Public Citizen to host discussion of CPR Member Scholar Rena Steinzor’s new book, “Why Not Jail? Industrial Catastrophes, Corporate Malfeasance, and Government Inaction.”
On Monday, July 20, 2015 Public Citizen, the Center for Progressive Reform and the Bauman Foundation will lead a discussion focused on CPR’s immediate past president and University of Maryland Law School professor Rena Steinzor’s book, “Why Not Jail? Industrial Catastrophes, Corporate Malfeasance, and Government Inaction.”
Watch and listen to a recording of this discussion.
Date: Monday, July 20
Time: 4:00-5:30 pm
Place: Offices of Public Citizen 1600 20th Street, NW (northwest corner of 20th and Q, NW) Washington, DC 20009
Rena Steinzor – Professor, University of Maryland Carey School of Law and immediate past president, Center for Progressive Reform
Robert Weissman – President, Public Citizen (Moderator)
Russell Mokhiber – Editor of Corporate Crime Reporter and the co-author (with Rob Weissman) of “Corporate Predators: The Hunt for Mega-Profits and the Attack on Democracy and Corporate Crime and Violence, Big Business Power and the Abuse of the Public Trust.”
RSVP: RSVP here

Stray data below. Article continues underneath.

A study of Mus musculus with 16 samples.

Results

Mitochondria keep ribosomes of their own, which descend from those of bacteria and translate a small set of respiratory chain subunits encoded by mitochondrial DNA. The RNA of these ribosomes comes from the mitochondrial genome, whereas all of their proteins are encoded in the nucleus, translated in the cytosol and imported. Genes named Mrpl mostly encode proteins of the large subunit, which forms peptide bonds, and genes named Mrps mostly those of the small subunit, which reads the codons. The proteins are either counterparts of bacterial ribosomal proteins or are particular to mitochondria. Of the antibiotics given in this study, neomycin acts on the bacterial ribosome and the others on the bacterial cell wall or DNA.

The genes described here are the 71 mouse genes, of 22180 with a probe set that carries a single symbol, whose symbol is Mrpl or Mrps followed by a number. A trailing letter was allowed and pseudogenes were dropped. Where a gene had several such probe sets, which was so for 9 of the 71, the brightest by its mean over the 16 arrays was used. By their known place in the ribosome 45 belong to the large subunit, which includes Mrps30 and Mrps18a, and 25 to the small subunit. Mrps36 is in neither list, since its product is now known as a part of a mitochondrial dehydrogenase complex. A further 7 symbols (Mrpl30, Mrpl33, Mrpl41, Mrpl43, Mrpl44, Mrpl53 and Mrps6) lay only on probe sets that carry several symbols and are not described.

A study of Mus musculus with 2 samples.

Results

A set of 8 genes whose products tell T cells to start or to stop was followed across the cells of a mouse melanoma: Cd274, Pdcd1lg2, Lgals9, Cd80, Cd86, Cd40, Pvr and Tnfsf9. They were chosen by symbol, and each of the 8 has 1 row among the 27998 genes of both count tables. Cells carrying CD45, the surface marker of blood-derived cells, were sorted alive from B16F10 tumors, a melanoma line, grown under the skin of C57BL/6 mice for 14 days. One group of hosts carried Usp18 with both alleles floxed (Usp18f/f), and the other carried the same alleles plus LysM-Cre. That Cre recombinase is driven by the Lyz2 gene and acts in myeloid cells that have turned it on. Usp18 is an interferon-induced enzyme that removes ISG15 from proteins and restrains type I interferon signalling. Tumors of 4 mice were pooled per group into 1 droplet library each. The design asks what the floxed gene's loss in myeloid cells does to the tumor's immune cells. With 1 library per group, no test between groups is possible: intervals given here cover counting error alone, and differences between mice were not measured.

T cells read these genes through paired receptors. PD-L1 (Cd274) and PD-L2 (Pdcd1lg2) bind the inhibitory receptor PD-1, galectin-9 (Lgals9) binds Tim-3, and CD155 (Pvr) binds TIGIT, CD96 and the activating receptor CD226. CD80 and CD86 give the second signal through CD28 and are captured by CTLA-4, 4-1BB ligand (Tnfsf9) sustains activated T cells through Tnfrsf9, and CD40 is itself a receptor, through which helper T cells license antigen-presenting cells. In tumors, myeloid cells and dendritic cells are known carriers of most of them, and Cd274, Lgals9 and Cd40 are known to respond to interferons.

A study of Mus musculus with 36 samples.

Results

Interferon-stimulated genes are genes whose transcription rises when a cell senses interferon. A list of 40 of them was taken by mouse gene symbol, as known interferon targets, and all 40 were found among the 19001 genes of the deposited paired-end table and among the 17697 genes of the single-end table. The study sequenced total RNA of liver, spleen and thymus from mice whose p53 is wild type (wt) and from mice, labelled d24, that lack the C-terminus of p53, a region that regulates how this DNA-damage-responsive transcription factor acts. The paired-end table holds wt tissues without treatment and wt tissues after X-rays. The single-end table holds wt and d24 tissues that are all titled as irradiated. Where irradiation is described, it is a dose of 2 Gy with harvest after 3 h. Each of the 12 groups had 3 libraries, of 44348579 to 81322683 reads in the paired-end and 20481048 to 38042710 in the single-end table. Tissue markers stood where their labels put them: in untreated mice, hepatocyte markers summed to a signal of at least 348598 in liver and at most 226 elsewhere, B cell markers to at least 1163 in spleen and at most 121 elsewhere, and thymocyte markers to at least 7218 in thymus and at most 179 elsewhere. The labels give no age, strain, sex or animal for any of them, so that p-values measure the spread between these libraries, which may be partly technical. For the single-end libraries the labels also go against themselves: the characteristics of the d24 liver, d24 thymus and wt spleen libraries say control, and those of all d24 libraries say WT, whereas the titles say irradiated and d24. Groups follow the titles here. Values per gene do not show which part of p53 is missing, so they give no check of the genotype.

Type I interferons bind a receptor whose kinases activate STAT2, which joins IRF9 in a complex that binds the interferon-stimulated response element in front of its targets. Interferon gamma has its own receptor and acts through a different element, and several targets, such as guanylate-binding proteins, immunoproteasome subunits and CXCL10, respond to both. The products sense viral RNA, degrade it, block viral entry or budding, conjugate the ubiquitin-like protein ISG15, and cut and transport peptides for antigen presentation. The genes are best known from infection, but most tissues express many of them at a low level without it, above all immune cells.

In what has the makings of a trend, or at least a boomlet, U.S. Attorneys in five states have obtained indictments against individual corporate executives in six cases where corporate malfeasance killed and injured workers, consumers, or the environment. The cases involve drinking water contaminated by a rusted chemical tank leak in West Virginia; tainted steroid injections shipped nationwide by a small compounding pharmacy in Massachusetts; a massive explosion in an underground mine owned and operated by now-defunct Massey Energy, again in West Virginia; cantaloupe infected with bacteria at a farm in Colorado; peanut paste laced with salmonella and shipped from Georgia despite positive tests for the bacteria; and the infamous Macondo well blowout that destroyed the Deepwater Horizon oil rig and spilled 205 million gallons ofcrude oil into the Gulf of Mexico.
What explains the decisions to prosecute these cases? Why has it taken so long to overcome federal lethargy about pursuing white collar crime in the health and safety, not to mention the financial, sectors? How does the selection of deferred prosecution agreements to settle such cases undermine deterrence? What can be done to encourage expansion of such efforts?
Join Steinzor, Weissman and Mokiber for the answers to these pressing questions and an examination of what can be done to hold bad corporate actors accountable for crimes of negligence that endanger the public health, safety and the environment.